04/03/2010 - 00:00

Workforce plans take slow road

04/03/2010 - 00:00



Workforce plans take slow road

IN August last year, the state government announced it was splitting the old education and training department and establishing a new agency titled ‘training and workforce development’.

Premier Colin Barnett and Training Minister Peter Collier hailed the change as evidence of their focus on one of the state’s major challenges – dealing with the prospect of skilled labour shortages as the economy recovers from the global financial crisis.

The very next day, following the formal go-ahead for the giant Gorgon gas project, the federal government had its turn.

Prime Minister Kevin Rudd announced the establishment of a national resources sector employment taskforce.

WA Business News said at the time that both announcements signalled good intent. They showed that the state and federal governments were aware of a looming issue, and planned to do something about it.

We also said at the time that the real test would be the substantive policy action that followed.

Six months on, where have we got to?

Well, the Canberra taskforce has just released a discussion paper to “inform a national discussion” about the labour and skills requirements of the resources sector”, to “elicit views on issues that may need to be addressed”, and “identify possible solutions and examples of good practice”.

In light of the undue haste shown by Canberra when implementing its botched housing insulation subsidy scheme, it is tempting to say ‘hasten slowly’ when developing new policies.

It’s also tempting to ask: if Canberra can’t properly administer a housing insulation subsidy scheme, how can it formulate a workforce planning strategy?

The federal taskforce has taken six months to prepare its discussion paper and has now given business and other groups just five weeks to put in their submissions, ahead of another report in mid 2010.

One consolation for groups keen to make a submission is that the state government is running a very similar process.

Mr Collier released an issues paper in November, titled: ‘WA’s workforce development plan: a skilled workforce for the future’. His plan is to have a final report by November this year.

The issues paper came six months after the State Training Board released a strategy paper, titled ‘Training WA: planning for the future 2009-2018’.

So, it’s clear there is plenty of planning and strategising under way.

There has also been some tangible policy reform.

At a federal level, the skilled migration system has been reformed so that it delivers the type of workers that employers need.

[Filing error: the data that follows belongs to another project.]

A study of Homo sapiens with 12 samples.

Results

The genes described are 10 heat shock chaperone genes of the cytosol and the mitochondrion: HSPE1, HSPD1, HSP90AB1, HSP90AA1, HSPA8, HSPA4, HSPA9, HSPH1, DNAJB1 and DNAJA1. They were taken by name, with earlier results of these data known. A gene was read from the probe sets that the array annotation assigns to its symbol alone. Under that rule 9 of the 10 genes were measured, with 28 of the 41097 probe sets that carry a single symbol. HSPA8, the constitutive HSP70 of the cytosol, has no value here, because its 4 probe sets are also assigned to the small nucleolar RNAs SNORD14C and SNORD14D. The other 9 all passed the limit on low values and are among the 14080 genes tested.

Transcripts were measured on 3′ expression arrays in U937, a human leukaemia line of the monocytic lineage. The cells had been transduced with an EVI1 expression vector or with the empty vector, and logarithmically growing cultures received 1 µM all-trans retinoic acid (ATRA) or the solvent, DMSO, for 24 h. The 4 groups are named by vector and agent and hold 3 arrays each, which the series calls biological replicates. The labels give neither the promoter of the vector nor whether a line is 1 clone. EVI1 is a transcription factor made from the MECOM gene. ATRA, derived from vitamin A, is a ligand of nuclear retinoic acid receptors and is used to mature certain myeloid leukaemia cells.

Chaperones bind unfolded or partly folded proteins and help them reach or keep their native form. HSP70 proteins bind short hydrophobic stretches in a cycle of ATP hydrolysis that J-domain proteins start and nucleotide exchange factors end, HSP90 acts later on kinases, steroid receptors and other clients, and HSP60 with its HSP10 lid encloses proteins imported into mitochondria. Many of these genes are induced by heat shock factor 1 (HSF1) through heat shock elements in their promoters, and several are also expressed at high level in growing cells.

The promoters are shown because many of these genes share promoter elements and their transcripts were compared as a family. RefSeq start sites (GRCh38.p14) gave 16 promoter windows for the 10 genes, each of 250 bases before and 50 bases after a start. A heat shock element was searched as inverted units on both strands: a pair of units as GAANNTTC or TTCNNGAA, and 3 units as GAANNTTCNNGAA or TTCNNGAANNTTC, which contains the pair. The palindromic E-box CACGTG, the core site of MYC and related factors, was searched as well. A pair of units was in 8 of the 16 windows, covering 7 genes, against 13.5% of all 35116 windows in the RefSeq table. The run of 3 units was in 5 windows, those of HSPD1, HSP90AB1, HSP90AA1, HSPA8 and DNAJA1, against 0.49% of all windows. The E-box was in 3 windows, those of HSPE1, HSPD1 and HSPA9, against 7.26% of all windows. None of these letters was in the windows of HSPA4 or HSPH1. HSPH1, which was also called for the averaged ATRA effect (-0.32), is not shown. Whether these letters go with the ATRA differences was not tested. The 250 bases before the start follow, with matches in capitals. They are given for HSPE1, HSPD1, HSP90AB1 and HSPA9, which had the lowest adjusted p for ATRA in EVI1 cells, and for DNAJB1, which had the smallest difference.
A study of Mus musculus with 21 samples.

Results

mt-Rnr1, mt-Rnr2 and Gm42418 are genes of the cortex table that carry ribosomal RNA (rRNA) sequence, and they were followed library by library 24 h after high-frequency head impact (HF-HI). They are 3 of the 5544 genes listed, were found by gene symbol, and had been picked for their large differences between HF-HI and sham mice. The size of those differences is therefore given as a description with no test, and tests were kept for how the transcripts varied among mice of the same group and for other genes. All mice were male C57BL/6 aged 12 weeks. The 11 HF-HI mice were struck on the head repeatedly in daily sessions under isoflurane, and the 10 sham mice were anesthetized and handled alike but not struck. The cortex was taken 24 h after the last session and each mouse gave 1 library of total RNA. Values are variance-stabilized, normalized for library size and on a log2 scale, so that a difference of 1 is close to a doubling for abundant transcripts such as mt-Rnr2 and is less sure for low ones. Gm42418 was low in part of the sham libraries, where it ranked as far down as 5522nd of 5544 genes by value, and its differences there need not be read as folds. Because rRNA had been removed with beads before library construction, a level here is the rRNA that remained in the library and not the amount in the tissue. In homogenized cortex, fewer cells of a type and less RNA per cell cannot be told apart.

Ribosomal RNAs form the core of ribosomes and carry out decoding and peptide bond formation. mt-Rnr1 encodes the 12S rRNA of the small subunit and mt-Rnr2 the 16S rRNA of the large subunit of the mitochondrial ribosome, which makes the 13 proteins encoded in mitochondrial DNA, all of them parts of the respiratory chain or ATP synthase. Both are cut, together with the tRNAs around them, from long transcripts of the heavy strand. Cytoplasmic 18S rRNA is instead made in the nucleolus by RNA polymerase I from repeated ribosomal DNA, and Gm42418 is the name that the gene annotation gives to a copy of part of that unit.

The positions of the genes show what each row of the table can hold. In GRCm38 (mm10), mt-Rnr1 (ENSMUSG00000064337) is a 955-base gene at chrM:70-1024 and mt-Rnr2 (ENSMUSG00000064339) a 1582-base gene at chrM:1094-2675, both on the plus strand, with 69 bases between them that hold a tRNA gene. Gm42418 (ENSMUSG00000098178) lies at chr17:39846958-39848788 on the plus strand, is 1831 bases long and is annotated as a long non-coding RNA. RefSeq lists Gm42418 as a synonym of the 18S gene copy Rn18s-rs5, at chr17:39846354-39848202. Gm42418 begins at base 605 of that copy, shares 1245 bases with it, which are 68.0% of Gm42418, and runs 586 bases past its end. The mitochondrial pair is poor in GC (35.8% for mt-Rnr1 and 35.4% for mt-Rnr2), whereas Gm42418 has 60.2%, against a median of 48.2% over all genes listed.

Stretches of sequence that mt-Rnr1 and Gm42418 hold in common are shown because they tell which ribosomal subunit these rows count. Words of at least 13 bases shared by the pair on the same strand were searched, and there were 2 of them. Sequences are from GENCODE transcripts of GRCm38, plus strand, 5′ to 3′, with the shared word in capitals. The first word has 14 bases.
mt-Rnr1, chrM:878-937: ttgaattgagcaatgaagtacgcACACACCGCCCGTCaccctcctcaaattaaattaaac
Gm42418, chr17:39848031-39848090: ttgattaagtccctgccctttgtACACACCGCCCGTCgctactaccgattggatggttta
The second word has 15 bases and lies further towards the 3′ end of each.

At a state level, there has been a range of new incentives designed to make apprenticeships and traineeships more attractive.

The need is acute. Last year there was a 40 per cent reduction in commencements of construction industry apprenticeships.

There has also been a set of changes that, at first glance, appear purely symbolic.

Readers who don’t follow training industry news might not realise that Swan Tafe – the biggest publicly funded training provider in WA – is now Polytechnic West.

Similarly, Central West Tafe, which started life as Geraldton Technical Education Centre in 1958, is now the Durack Institute of Technology.

And West Coast Tafe is known these days as West Coast Institute of Training,

Mr Collier insists these are more than just name changes.

He is changing governance arrangements for publicly funded training providers so they have more flexibility and freedom to pursue market opportunities.

The Australian Petroleum Production & Exploration Association put some perspective on the whole issue of workforce planning this week.

As the peak body representing Australia’s oil and gas industry, its members are at the pointy end of skilled labour shortages.

APPEA chief executive Belinda Robinson said the shortage of skilled labour was regularly identified as a key impediment to resources sector growth, but to what extent and what actions are required is much less certain.

Ms Robinson welcomed the federal review, but cautioned that: “it is impossible to forecast the industry’s skill and labour needs into the future with a high degree of accuracy”.

She concluded that: “planning for uncertainty must be a key plank of the strategy”.